More Lessons from Vegas: Rethinking Apple
Patrick is a member of The Motley Fool Blog Network -- entries represent the personal opinion of the blogger and are not formally edited.
My regular readers know the high regard I hold for dividends, which is why I have never paid much attention to Apple (NASDAQ: AAPL). A recent trip to Las Vegas reminded me, however, that there can be an opportunity cost to being too mechanical in one's approach to things (like, for instance, insisting that a stock pay a dividend).
My usual game in Vegas is Limit Texas Hold'em (a variant of poker, for you non-gamblers). My playing style is much like my investing style, stodgy and mechanical. I fold most of my hands before I've put any money in the pot, content to wait for the premium cards that will beat my usual opponents, tourists and drunks that will play any cards, call any bet.
On this last trip, however, I was seated with a group of local retirees, regulars, just there to pass the time. They all knew to fold most hands, and they were conservative in their betting. In other words, I was facing nine people who played just like me. As a result, the money just trickled around the table, with none accumulating in any one place, except for the dealer's rake bucket.
After a couple of dozen hands, I realized that I had to do something. I started playing many more hands, I started bluffing shamelessly, and I started betting aggressively. My opponents, convinced that I was much like them from my earlier play, assumed that I was just having a good run of cards and folded again and again. The money still was only trickling, but it was trickling to me. I only had to show my hole cards twice, never was forced to reveal a bluff, and eventually walked away from the table with a comfortable profit. This was entirely due to my willingness to adjust my style to a specific situation.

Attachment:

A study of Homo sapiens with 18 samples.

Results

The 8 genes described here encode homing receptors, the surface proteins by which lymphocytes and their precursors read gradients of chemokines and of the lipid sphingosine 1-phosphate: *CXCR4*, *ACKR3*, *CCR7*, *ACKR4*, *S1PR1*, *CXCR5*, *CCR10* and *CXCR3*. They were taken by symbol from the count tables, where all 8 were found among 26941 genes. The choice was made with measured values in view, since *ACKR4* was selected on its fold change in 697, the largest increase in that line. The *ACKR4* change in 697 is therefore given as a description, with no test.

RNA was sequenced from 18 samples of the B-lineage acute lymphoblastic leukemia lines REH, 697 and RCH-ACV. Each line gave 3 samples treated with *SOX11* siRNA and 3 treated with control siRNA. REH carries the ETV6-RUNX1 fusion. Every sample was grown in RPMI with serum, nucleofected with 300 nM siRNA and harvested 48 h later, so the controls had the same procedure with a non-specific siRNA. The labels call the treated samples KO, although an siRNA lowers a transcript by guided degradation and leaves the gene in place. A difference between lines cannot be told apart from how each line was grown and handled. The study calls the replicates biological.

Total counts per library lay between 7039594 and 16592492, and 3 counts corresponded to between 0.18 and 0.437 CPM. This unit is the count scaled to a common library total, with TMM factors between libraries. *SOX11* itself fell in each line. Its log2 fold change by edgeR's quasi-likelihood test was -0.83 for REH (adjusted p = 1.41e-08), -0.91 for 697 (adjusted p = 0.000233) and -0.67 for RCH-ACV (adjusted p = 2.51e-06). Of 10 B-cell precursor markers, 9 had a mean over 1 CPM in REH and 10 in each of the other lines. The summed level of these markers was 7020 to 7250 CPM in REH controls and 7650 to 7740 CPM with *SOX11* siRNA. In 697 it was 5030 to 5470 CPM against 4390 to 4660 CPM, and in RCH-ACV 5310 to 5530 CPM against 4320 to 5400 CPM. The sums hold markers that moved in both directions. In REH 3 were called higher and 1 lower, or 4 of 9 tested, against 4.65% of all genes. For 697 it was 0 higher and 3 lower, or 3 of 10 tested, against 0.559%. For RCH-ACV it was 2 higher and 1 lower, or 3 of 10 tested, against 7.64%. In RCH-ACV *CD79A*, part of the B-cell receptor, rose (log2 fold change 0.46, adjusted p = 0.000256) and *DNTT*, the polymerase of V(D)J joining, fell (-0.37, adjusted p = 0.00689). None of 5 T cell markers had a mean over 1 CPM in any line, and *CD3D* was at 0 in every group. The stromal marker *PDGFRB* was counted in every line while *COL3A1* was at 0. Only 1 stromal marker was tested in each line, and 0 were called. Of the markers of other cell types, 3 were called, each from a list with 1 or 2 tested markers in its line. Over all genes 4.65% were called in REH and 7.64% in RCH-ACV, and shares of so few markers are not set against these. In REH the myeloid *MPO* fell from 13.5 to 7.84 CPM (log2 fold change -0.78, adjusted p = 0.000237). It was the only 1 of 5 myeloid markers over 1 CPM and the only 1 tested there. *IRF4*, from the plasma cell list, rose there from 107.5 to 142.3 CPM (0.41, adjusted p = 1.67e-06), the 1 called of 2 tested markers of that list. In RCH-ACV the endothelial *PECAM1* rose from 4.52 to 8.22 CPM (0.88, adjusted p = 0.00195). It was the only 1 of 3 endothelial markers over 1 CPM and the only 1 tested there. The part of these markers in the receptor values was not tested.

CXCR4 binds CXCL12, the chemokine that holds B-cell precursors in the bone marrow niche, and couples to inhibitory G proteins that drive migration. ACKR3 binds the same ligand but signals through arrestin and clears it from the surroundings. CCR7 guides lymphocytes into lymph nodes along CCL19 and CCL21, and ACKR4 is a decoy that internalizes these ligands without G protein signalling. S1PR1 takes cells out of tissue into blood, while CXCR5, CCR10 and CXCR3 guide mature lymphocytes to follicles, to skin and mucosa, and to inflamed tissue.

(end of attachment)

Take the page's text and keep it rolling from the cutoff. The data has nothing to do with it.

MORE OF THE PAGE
So, what's Apple's situation? It's recently had a major shakeup in leadership, it's sitting on a boatload of cash ($98 billion!), and the new skipper seems willing to change course. How can I adjust my investment style to account for Apple?
Well, looking in my toolbox, I still only have that one dividend hammer. Luckily, among the things CEO Tim Cook is rumored to be contemplating is paying a dividend! The story in the second link above suggests about $2/quarter, for an annual yield of 1.4%. Let's consider a wild case, too -- if Apple paid out half its earnings, that'd be a yield of 11%! That's madly unlikely, of course, but consider it a proxy for all the wonderful things that Apply might do with its money.
For my process, I need some companies to compare with, but Apple does so many things. Apple is a hardware company. So are Dell (NASDAQ: DELL), and Hewlett-Packard (NYSE: HPQ). Apple is a software company like Microsoft (NASDAQ: MSFT). It's a media company, like CBS (NYSE: CBS). How do these companies all compare (the Apple yields in the following table are speculative)?
Apple's "wild" case is tied with Microsoft, trading off margin for yield. The "mild" case ties with CBS and Hewlett Packard, both "bad" stocks by my system, which is not always a bad thing. Apple's clearly not in the "ugly" class with Dell.
So if Apple declares a dividend, it will fit neatly into my investing universe, not to mention drive a herd of stodgy investors like me into the stock. Even if it doesn't, it will eventually do something nice with all that lovely cash, which should be more than enough to sustain the stock's current upward trajectory.
This is one case where I should definitely adjust my style, and buy before the dividend.